Text and Community Program Hosts ‘Aquí Estoy’
Posted: March 4, 2008 at 1:00 am, Last Updated: November 30, -0001 at 12:00 am
Since 1997, the Albany Park Theater Project (APTP) has been bringing to the stage voices that would otherwise be silenced. Comprised of multiethnic teens and young adults, the theater company creates original performance works based on the real-life stories of immigrant and working-class Americans.
The Text and Community Program at Mason will host APTP for its performance, “Aquí Estoy” (I Am Here), on Tuesday, March 18, at 7:30 p.m. in TheaterSpace, located in the Performing Arts Building, Room A105, on the Fairfax Campus. The performance is free and open to the public.
“Aquí Estoy” is a duet of two original plays based on oral histories that chronicle the lives of undocumented immigrants.
“Amor de Lejos” is based on months of interviews conducted by APTP youth artists with day laborers who came to the United States from Central America and Mexico. “Nine Digits” tells the story of a young man who has lived the life of an undocumented immigrant since his parents brought him to the United States from Colombia when he was 6.
Performed in English, “Aquí Estoy” has just completed a critically and popularly acclaimed three-month run at the Laura Wiley Theater in Chicago.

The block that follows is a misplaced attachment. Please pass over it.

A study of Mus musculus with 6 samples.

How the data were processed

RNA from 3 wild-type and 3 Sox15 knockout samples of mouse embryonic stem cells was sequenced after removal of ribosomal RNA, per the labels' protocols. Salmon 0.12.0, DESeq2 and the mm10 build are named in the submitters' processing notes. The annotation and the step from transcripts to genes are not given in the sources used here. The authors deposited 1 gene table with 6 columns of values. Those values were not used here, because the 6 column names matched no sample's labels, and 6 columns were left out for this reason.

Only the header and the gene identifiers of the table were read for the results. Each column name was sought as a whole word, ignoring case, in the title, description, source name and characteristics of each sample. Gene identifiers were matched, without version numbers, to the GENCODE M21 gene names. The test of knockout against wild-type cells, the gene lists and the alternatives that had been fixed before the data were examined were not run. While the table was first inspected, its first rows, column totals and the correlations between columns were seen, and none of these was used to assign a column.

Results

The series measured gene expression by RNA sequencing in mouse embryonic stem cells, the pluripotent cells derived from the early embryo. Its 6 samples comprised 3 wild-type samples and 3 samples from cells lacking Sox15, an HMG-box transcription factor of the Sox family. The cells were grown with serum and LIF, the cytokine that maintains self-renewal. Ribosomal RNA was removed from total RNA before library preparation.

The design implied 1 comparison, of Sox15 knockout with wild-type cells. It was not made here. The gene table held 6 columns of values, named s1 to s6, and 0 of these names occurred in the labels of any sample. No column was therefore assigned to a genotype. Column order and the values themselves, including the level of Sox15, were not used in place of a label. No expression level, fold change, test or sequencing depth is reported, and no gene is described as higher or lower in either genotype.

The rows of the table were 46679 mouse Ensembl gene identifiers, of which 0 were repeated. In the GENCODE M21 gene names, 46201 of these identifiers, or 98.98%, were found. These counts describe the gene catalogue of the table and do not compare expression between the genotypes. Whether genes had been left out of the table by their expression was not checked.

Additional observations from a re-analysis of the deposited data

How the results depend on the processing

APTP, directed by David Feiner and associate director Maggie Popadiak, has created more than 50 performance works integrating theater, music and dance. In 2004, APTP received the Coming Up Taller Award from the President’s Committee on the Arts and the Humanities. The award honors outstanding arts programs that both celebrate the creativity of America’s young people and provide them with opportunities to contribute to their communities.
APTP provides a compelling example of the impact that becoming an artist can have on the life of a young person. In Chicago, almost half of the students who enter a public high school never make it to graduation. Ninety percent of APTP ensemble members graduate from high school (or earn a Graduate Equivalency Diploma) and matriculate into four-year colleges. More than 90 percent are the first in their families to go to college.
“Aquí Estoy” is one of several events scheduled as part of the Text and Community Program at Mason. Each year, the program conducts a semester-long project that seeks to foster exchanges across disciplines and interpretations of a text from multiple perspectives. “The Devil’s Highway” by Luis Urrea is featured this year. Urrea will give a reading from the book on Wednesday, April 9, at 7:30 p.m. in the Center for the Arts Concert Hall. For a complete schedule of events, visit the web site.